Today, the results of a Phase-3 efficacy study of the R21/Matrix-M™ malaria vaccine were published in The Lancet. The study was conducted at multiple sites in four African countries and involved 4,800 children aged 5 to 36 months.
The data from this study served as the basis for the recent prequalification of the R21/Matrix-M vaccine by the World Health Organization (WHO) and paved the way for global introduction, which is expected to begin in mid-2024 by the Serum Institute of India. The availability of the R21/Matrix-M vaccine is expected to help bridge the gap for the enormous need for malaria vaccine doses to protect children from the disease.
The publication reported:
- Efficacy of 75% when administered before the peak transmission season: In areas with highly seasonal malaria transmission (where malaria transmission is largely limited to 4 or 5 months per year), the R21/Matrix-M vaccine significantly reduced symptomatic malaria cases by 75% in the 12 months following a 3-dose series.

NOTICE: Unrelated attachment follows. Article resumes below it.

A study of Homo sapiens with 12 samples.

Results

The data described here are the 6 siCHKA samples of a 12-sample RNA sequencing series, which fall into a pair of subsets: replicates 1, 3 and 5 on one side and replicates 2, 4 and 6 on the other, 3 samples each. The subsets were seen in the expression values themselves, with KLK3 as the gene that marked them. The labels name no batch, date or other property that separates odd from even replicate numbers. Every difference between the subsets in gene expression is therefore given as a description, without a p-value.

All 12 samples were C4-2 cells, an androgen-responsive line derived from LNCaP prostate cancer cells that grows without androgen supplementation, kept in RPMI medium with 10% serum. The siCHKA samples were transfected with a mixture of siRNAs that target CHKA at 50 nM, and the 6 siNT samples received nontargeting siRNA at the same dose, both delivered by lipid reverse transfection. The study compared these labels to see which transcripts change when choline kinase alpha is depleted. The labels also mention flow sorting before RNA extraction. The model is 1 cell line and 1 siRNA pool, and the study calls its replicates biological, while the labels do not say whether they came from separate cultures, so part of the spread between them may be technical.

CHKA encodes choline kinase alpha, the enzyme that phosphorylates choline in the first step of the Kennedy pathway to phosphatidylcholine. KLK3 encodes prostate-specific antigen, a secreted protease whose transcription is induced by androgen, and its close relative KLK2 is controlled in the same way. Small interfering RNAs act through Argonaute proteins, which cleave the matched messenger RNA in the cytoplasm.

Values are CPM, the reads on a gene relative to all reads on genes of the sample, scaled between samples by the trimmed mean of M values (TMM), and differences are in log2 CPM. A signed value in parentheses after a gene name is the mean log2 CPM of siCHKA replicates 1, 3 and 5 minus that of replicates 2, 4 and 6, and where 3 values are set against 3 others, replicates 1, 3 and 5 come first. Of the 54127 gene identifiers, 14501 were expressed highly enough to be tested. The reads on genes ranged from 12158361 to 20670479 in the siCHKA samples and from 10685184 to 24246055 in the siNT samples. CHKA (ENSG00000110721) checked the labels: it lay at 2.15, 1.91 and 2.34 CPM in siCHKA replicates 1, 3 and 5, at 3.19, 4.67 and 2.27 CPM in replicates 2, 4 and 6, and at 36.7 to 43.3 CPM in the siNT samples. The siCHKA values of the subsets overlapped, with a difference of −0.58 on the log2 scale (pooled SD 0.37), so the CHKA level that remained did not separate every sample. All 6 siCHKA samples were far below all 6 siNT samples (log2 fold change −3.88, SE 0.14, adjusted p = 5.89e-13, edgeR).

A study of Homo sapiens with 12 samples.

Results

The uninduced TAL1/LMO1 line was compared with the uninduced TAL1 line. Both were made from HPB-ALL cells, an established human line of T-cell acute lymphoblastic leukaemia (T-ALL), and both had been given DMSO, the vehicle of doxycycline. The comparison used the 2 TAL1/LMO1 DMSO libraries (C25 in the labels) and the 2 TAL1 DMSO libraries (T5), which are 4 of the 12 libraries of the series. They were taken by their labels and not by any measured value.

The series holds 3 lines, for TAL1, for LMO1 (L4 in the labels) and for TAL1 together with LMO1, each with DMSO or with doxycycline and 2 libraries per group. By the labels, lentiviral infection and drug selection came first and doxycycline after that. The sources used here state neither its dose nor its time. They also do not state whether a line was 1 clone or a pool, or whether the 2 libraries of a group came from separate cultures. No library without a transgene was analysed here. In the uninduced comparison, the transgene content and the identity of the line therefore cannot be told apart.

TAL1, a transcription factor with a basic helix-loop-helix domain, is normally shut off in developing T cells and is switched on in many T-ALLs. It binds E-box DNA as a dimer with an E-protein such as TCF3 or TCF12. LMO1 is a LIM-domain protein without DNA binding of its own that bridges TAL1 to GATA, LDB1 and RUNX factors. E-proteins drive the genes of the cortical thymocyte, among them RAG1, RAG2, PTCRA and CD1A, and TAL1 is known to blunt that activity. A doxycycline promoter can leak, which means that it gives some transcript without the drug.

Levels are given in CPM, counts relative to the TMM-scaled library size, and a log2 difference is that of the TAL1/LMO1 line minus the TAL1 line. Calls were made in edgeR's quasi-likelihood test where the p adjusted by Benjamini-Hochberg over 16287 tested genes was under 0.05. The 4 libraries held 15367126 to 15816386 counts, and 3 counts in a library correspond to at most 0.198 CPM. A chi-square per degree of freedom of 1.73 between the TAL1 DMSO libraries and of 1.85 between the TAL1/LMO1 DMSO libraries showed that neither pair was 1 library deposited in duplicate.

- Efficacy of 68% when age-specifically administered in regions with constant malaria occurrence in the 12 months following the first three doses.
- The most common adverse events related to the vaccine were fever (47%) and injection site pain (19%).
The vaccine, developed by the University of Oxford and the Serum Institute of India, contains the Novavax-developed saponin-based Matrix-M™ adjuvant. The R21/Matrix-M vaccine is one of several ongoing collaborations related to Novavax’s adjuvant technology, including additional research on malaria and other infectious diseases in humans and animals.
According to the latest WHO data, nearly 250 million malaria cases were reported worldwide in 2022, causing over 609,000 deaths. Most cases occurred in Africa, with children under five years old accounting for the vast majority of deaths in the region.
The vaccine has also been approved by regulatory authorities in Ghana, Nigeria, and Burkina Faso.